Corporate governance is no longer just a nice-to-have. Transparency, ethics, compliance – these are the yardsticks clients and prospects use to measure your firm against its competitors.
For small businesses, though, the costs associated with corporate governance can seem prohibitive. Although with our recent blog concluding that the cost of non-compliance can be higher than that of compliance, the investment may well be one that’s rewarded.
Here we look at some of the ways small businesses can embrace good governance cost- and time-efficiently.
Why governance matters to small businesses
Quoted in an article in Director magazine, Estelle Clark, executive director of policy at the Chartered Quality Institute, states her belief that ‘Governance is about making sure you comply with the rules that mean you can be in business and you can articulate what you are trying to achieve...That is as relevant for a company of five people as it is for 5,000’.
With – as the article claims – SMEs now accounting for 99.9 per cent of the UK’s 5.5 million private sector businesses, their approach to governance plays a key role in the ethical performance of UK plc.
What is good governance?
So, if we accept that good corporate governance is a must-do for any business, what can smaller organisations do to ensure they measure up?
- Meet regulatory requirements.
This is non-negotiable. Failing to meet your requirements around legislation or industry-specific regulation can at worst prevent you from operating. As the board, a large part of your role is to ensure that your organisation’s strategy is in line with local laws and sector rules.
As we’ve noted above, the cost of compliance can be dwarfed by the cost of non-compliance if you get it wrong. So even for smaller businesses with constrained budgets, the need to meet your regulatory obligations is clear.
- Ensure your approach meets the needs of all your stakeholders.
Slightly ironically, there is a danger that in today’s governance-heavy environment, some directors focus too much on potential risk and not enough on success.
You need a strategy that addresses all aspects of your operations, and delivers for all your stakeholders (shareholders, employees, customers, community). Bear this in mind when making operational, investment or commercial board decisions and you will deliver the type of transparent operation that forms the basis of ethical businesses.
- Have the right people in place
Making the right decisions means having the optimal mix of directors on your board. This can mean getting the right gender balance, and identifying and putting in place the ideal mix of views in your boardroom, perhaps by examining the attributes shared by the most successful directors.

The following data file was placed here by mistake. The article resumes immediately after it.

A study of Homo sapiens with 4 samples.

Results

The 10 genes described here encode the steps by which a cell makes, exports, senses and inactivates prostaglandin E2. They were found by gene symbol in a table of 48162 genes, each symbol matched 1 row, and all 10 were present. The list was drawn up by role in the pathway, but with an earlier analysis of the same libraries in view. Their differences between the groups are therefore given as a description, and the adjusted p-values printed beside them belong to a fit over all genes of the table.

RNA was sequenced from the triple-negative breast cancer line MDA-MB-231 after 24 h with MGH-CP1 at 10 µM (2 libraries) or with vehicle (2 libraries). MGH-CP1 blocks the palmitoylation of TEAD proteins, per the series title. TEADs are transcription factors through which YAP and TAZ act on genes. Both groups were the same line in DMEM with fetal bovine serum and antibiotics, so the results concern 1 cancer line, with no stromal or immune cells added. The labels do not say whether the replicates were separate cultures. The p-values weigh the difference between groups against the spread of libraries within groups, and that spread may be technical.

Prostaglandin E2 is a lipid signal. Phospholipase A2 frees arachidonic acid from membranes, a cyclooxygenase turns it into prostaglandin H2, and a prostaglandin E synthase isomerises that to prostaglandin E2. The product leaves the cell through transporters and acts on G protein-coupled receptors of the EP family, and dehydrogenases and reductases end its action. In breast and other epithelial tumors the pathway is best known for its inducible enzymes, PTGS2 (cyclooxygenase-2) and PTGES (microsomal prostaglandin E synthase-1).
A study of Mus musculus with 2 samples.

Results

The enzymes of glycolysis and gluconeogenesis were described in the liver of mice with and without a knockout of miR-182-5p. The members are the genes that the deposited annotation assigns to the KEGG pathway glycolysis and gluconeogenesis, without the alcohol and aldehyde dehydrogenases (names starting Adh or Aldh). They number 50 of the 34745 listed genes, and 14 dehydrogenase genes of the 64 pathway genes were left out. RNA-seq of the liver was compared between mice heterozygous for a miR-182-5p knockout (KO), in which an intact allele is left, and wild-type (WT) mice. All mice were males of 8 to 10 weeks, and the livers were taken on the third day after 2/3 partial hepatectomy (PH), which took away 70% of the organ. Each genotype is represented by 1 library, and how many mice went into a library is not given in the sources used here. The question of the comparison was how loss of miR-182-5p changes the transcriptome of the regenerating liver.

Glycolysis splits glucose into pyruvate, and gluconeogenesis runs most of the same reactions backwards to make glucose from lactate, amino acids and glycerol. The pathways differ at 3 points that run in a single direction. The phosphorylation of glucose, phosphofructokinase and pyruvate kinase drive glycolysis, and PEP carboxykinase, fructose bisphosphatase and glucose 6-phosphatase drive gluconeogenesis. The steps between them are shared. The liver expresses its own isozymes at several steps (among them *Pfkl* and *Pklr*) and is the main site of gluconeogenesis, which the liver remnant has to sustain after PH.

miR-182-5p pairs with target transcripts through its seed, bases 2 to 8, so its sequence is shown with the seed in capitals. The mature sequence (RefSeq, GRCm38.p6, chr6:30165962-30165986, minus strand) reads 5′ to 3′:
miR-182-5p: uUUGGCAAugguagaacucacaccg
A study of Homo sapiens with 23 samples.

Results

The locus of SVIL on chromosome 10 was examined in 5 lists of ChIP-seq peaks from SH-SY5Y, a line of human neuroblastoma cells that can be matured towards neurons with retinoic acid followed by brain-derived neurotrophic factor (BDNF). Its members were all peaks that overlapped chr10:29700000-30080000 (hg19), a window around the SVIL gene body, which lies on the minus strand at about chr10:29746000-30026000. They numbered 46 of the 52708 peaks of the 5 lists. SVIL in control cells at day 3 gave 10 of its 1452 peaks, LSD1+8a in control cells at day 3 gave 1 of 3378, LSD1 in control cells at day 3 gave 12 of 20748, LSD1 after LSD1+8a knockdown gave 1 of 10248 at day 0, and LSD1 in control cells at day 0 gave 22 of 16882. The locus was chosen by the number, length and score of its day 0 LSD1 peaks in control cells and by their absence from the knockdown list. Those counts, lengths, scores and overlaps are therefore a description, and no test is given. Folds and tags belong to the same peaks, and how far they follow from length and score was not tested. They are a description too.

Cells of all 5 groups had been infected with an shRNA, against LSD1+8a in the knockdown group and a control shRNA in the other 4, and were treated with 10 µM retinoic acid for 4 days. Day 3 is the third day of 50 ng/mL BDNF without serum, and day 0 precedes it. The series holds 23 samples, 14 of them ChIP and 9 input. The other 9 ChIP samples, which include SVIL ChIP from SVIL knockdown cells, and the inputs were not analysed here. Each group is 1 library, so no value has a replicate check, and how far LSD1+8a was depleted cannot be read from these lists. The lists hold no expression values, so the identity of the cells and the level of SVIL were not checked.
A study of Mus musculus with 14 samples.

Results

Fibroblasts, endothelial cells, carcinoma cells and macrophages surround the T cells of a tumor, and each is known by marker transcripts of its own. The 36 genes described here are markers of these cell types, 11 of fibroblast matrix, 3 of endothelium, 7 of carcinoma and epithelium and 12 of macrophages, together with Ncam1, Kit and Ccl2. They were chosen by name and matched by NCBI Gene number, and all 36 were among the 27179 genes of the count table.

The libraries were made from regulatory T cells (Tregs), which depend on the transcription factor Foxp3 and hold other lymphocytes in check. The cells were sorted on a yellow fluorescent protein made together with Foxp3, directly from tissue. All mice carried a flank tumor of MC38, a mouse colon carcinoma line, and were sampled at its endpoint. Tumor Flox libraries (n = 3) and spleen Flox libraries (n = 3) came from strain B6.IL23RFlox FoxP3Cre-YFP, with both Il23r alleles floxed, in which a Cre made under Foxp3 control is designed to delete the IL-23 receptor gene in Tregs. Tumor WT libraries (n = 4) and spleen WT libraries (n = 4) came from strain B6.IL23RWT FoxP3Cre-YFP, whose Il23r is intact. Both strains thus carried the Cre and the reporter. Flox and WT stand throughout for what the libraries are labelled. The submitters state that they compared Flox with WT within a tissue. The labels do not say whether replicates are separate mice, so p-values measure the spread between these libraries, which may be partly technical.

What might hold you back?
If these are the steps to take, what’s stopping you? For smaller businesses, with limited resources, there may be a few potential stumbling blocks:
Lack of time
If you’re an SME, there’s every chance that your people wear a number of hats, and time to address governance issues is in short supply. Our tips for CEOs on best managing their time might help.
Lack of money
This may also be a concern for smaller organisations – although, as we mentioned above, non-compliance can often cost more than meeting your obligations. Treat investment in governance as an investment in the future of your business. Compliance and brand are intrinsically linked; you can’t afford to underestimate the impact any failing in governance might have on your commercial performance.
Unsure on the benefits of technology
Often, innovation is the solution to a lack of time or money. But you may be unsure as to whether there are solutions that can improve your governance. If this is the case, you might want to read our blog exploring how you can improve corporate governance with a board portal.
Corporate governance is as vital for smaller businesses as it is for their larger counterparts. Although it may seem a more ambitious aim when you have fewer people and smaller budgets at your disposal, it is possible to deliver on your governance goals, as we’ve hopefully shown.
To read more about the benefits – governance and otherwise – that a portal-based approach to board packs can offer, you can download a copy of our whitepaper, Board portals – what’s in it for directors? It’s free and you can get your copy here.
Nothing in this document should be treated as an authoritative statement of the law. Action should not be taken as a result of this document alone. We make no warranty and accept no responsibility for consequences arising from relying on this document.